The document circulating around the convention advocated a moratorium on broadband access taxes to spur growth as its central pillar. It noted that the amount of spectrum for wireless broadband nearly doubled since the Bush administration began its term, IDG said.
I remember as a kid seeing motels with signs saying, "We have cable," or "We have HBO." They've been replaced by "We have broadband." Believe it or not, more hotel rooms have broadband than the 25 percent that have ATM machines in their lobbies. Shocking.
In a darkened suite in San Francisco's trendy Clift Hotel, a familiar face sat quietly while Yusuf Mehdi, the head of MSN, briefed reporters on its new music download service.
Sporting a shaved head and goatee, the looming figure during the presentation was none other than Rob Bennett, now on the MSN Music team. Bennett in the mid-'90s fought in the trenches with Mehdi in plotting the strategy for Internet Explorer.
The Associated Press reported today that the chief operating officer of the defunct Enron Broadband Services will change his innocent plea to guilty for allegations of conspiracy, securities fraud, insider trading and money laundering.
Enron, one of the greatest corporate failures in history, has planned for the division to create an on-demand video service. The company partnered with Blockbuster but scrapped the deal in 2001.
Another day, another Enron executive to change a plea.
While it's too early to tell if this is a winning play for AOL, it's certainly a good step for its objectives. Beaten up by subscriber losses in its dial-up service, AOL needs to convince broadband customers that it's got something that nobody else has. This HBO model could work if there's enough exclusive content that people … Read more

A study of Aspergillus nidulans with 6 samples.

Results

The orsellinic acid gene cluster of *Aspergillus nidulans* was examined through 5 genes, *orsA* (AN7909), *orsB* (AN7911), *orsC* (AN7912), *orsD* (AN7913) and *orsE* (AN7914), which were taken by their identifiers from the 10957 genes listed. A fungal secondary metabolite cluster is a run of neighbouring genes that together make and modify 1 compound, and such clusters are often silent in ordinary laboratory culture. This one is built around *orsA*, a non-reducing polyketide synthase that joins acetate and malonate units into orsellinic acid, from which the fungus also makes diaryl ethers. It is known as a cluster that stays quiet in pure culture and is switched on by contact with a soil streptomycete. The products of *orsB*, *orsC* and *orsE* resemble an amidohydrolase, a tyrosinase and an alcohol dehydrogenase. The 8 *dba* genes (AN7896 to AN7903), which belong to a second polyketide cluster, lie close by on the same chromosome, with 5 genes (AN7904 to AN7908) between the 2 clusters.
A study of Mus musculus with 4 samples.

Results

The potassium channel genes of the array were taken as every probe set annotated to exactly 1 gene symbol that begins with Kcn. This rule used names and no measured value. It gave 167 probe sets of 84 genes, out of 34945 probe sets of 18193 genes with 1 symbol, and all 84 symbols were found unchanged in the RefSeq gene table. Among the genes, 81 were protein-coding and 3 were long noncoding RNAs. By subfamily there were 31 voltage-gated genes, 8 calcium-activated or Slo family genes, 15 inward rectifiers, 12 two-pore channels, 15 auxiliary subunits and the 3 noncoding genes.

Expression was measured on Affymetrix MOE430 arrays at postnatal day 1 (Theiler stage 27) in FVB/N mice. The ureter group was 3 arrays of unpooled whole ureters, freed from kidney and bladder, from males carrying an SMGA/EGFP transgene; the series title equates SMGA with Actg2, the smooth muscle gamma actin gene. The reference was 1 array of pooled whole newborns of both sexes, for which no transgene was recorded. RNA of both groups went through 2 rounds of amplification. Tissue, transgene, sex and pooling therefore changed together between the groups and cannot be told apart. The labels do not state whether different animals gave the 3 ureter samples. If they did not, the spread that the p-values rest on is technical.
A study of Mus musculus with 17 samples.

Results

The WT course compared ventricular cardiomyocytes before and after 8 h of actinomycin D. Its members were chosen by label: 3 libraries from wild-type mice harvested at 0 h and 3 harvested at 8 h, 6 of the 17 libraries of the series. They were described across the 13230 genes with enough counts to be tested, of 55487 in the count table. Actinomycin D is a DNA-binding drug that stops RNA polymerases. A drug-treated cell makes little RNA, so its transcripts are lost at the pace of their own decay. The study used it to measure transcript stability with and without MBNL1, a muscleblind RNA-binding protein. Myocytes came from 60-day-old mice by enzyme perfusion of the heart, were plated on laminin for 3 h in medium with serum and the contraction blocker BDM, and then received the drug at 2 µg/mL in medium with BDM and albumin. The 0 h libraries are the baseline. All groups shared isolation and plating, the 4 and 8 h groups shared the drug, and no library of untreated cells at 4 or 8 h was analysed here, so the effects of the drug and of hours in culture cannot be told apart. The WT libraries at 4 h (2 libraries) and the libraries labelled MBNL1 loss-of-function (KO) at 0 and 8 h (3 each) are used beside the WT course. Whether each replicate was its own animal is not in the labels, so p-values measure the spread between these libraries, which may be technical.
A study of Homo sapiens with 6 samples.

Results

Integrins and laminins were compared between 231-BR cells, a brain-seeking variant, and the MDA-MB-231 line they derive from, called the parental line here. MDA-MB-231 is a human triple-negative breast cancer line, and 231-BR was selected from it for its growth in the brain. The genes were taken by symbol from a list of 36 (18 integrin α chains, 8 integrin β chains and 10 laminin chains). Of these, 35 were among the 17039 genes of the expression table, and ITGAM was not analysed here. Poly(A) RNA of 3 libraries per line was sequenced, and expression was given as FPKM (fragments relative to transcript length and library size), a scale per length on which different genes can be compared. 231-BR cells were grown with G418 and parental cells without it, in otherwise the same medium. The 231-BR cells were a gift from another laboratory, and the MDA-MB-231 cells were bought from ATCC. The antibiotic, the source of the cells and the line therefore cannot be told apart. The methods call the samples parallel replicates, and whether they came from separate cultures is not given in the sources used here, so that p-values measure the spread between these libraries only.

TV networks need to get into the game. Sports nuts want their sports when they … Read more
Kudos to BroadbandReports.com for its ability to scour its ripe message boards for the latest skinny on what's working in the world of broadband and what's not. Today, folks over there reported that community members received notices from AOL to beta test a VoIP product. BroadbandReports also consistently gets the first notice of service changes, such as speed upgrades, in certain cable or DSL areas.
Good for them. Proves that user generated content provides enough smoke to reveal a fire.
The Ninth Court in April rejected the FCC's attempt to reverse the court's decision that cable broadband services could be forced to open their lines to third parties. More specifically, the court said cable companies have elements of telecommunications and information services in their technology. Current rules require telecommunications services to open their lines to third parties. Up to … Read more
I'm off to spend a week in the Trinity Alps, away from anything that looks like a computer. Weaverville, Calif. isn't quite Lake Geneva, but I'll be quite happy complaining to the local deer. Who I'm guessing aren't Wi-Max enabled yet, but I'll ask.
This is why group blogs are a great thing. More room for vacations.
These are the perils of automatic copyright protection plans. Apparently Dreamworks sent a note to a Swedish BitTorrent tracker site asking that its content be removed, citing the American Digital Millenium Copyright Act. The site responded (warning: profanity involved) with the following:
"As you may or may not be aware, Sweden is not a state in the United States of America. Sweden is a country in northern Europe. ... US law does not apply here. For your information, no Swedish law is being violated."
Thanks to Broadband Reports for the link.